Predicting In-Season Trades New York Yankees Will Need to Make

Kenny DeJohn@@kennydejohnAnalyst IIIApril 23, 2014

Houston Astros' Matt Dominguez watches his RBI double against the Seattle Mariners Monday, April 21, 2014, during a baseball game in Seattle. (AP Photo/Ted S. Warren)
Ted S. Warren

There isn't a team in Major League Baseball that couldn't use an upgrade or two at the 2014 trading deadline. Sure, it's still months away, but the trade deadline is extraordinarily important for one team in particular: the New York Yankees.

While the Bombers are already a far different team than they were in 2013, there is still work to be done. The lack of infield depth is far too prevalent to ignore. Brian Roberts and Mark Teixeira are injury risks, and Derek Jeter needs more days off than he has in years past.

Yangervis Solarte and Kelly Johnson have produced (thankfully), but manager Joe Girardi can't rely on them forever. He needs more weapons at his disposal.

The bullpen could also use an arm or two. More specifically, it could use a reliable lefty. Matt Thornton is getting older, and Vidal Nuno is in the rotation (for now). Girardi could use another LOOGY (left-handed one-out guy).

There aren't a ton of names on the trade market just yet, but here are some predictions as to who the Yankees might look to acquire to tighten up their roster this summer.


Corner Infielder

Don Boomer

Candidates: Matt Dominguez (HOU), Chase Headley (SD), Matt Adams (STL)

The Yankees really need a corner infielder. Given Roberts' health issues, there's a real situation that could arise where the right side of the infield is Teixeira and Johnson, leaving the hot corner wide open. The No. 1 guy to target, in my opinion, is Houston's Matt Dominguez.

Dominguez is a defensive stalwart at the hot corner. He won the Astros 2013 Wilson Defensive Player of the Year Award last season:

On his personal blog, Peter Gammons noted back in March that the Yankees could be a fit for Dominguez. Dominguez wouldn't come cheaply. He's under contract through the 2018 season, and his glove work speaks for itself.

He also boasts good power. His 21 homers last season were coupled with 77 RBI and 25 doubles. In the bottom third of the Yankees lineup, Dominguez would find success.

Another candidate, Chase Headley, has been linked to the Yankees so many times that it's surprising to see that he's still not in pinstripes. Headley has regressed since his breakout 2012 season, but the Yankees should still be interested if the price is right.

Al Behrman

Matt Adams is the dark-horse candidate on this list. He has unbelievable power and would thrive in Yankee Stadium. He's starting at first for the St. Louis Cardinals right now, but Oscar Tavares' impending promotion to the bigs could push Allen Craig from right field to first, thus making Adams expendable.

He'd be expensive, but Adams is an option worth considering.


Middle Infielder

Patrick Semansky

Candidates: J.J. Hardy (BAL), Mark Ellis (STL)

It's time for the Yankees to start sniffing the market for the shortstop of the future. If it's not going to be Stephen Drew, then they'll need to start scouring the market. One quality option is J.J. Hardy, whose contract talks with the Baltimore Orioles have apparently broken down:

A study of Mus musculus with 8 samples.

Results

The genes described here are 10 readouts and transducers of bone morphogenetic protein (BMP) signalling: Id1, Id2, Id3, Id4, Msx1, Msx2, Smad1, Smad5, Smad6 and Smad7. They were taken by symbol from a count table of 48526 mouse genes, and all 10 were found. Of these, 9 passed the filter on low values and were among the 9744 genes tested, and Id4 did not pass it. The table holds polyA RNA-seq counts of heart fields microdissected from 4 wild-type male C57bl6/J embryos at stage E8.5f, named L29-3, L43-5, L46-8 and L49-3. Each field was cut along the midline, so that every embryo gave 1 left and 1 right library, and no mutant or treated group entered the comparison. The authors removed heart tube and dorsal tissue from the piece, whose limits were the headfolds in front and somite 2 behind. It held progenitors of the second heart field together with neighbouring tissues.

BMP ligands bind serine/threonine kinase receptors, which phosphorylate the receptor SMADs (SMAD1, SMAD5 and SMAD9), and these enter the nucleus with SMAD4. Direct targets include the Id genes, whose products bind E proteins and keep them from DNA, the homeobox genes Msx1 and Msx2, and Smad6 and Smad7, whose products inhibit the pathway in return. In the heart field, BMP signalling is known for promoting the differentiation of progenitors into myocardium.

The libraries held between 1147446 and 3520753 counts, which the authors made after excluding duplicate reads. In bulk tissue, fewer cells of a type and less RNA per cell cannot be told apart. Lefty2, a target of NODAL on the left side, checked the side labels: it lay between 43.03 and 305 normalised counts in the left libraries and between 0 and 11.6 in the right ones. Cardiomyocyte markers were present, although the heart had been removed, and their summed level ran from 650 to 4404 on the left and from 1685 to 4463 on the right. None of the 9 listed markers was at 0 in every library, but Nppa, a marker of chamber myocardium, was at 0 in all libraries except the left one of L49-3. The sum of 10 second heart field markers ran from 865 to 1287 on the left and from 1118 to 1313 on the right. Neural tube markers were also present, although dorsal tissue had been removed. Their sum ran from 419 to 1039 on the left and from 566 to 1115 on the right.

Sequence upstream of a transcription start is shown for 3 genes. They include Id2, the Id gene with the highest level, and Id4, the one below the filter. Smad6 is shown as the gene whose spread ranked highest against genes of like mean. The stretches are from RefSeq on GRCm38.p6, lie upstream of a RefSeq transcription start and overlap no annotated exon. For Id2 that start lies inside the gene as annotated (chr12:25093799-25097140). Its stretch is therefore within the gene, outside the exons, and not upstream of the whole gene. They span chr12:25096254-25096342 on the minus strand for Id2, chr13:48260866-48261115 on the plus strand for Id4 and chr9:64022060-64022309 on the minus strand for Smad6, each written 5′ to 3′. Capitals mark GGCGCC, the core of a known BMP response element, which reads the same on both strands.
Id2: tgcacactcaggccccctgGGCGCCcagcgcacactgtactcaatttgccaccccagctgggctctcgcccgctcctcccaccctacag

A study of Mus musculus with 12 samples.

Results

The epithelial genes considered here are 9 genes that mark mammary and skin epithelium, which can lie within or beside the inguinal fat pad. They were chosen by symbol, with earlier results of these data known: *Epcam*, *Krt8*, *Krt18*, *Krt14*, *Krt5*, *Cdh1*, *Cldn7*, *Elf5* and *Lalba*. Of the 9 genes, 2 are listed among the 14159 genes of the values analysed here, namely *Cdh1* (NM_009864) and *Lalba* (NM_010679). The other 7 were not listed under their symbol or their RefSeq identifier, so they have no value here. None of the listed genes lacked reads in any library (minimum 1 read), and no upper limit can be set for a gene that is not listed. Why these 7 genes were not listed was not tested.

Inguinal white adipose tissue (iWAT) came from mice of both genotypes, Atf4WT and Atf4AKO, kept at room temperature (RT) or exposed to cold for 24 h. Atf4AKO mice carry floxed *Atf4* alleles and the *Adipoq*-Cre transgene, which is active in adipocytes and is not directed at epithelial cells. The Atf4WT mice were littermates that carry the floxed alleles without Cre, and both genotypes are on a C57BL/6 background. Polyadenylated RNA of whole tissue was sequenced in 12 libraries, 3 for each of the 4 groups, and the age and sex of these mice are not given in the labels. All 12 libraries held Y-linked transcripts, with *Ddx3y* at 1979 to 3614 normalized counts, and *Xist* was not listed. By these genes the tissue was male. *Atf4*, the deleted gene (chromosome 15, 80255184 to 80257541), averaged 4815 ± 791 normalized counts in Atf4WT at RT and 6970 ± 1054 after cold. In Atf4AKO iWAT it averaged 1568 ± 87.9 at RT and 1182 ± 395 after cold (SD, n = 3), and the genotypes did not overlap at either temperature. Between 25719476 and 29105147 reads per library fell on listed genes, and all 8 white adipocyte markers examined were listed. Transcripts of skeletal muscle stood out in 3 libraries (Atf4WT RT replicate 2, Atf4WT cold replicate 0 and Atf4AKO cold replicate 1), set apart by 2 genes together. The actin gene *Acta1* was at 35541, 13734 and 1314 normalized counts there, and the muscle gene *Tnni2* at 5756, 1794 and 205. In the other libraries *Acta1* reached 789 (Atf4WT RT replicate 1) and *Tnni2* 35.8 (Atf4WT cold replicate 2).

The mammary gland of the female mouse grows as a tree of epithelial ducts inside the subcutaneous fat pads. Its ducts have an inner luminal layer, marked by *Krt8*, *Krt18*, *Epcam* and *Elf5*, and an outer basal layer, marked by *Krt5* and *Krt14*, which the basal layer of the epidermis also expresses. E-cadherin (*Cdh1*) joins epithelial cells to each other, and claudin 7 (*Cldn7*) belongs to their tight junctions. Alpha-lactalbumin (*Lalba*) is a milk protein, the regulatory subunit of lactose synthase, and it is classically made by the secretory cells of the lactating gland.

Trading in the division will prove difficult, but Hardy is a player worth pursuing. He has hit at least 22 home runs each of the past three seasons while also winning a Gold Glove in the past two. Hardy has a unique blend of power and defense.

Replacing Jeter in the future won't be easy, but the last thing Brian Cashman should want to do is have a revolving door at the position for a few seasons. Hardy is a player that can come in and produce right from the start. Cashman probably wouldn't hesitate to lock him up to a multiyear extension, either.

Alex Brandon

A trade for a guy like Mark Ellis is probably more likely, however. Ellis is buried behind Kolten Wong in St. Louis, and the veteran second baseman would provide solid depth to the infield. He has played all infield positions in his career, but nearly all of his games have come at second.

The 36-year-old isn't a long-term fix, nor is he a guarantee to hit .270-plus. That said, he's a gritty veteran that has a history of success and has played on some good teams. He would come cheaply and would be worth a gamble for Cashman.


Relief Pitching

Kelvin Kuo

Candidates: J.P. Howell (LAD), Oliver Perez (ARZ), Joe Thatcher (ARZ)

When David Robertson is healthy, the bullpen has some potential. Robertson, Shawn Kelley, Adam Warren and Dellin Betances have the potential to form a strong back end of the bullpen. They get outs and can handle the pressures of late-game situations.

The lack of a consistent lefty specialist is concerning, though. Thornton hasn't been truly dominant since 2011, and it isn't smart to rely on just him as a southpaw. Girardi has used dual lefties in the past (Boone Logan and Clay Rapada), so it makes sense to add another.

J.P. Howell is a lefty specialist that is so effective that the Los Angeles Dodgers are apparently looking to expand his role:

The Yankees know Howell well from his time with the Tampa Bay Rays. He has a slow breaking ball that keeps hitters off-balance and induces grounders and weak flyouts.

Oliver Perez and Joe Thatcher are both options as well. Both are pitching well out of Kirk Gibson's bullpen for the Arizona Diamondbacks, which could cause their price tags to rise come July.

It's clear that Girardi doesn't want to rely on Cesar Cabral, so staying in-house probably won't occur. Look for Cashman to go out and grab a lefty at the deadline.


Follow me on Twitter (@kennydejohn) to debate potential Yankees trade targets.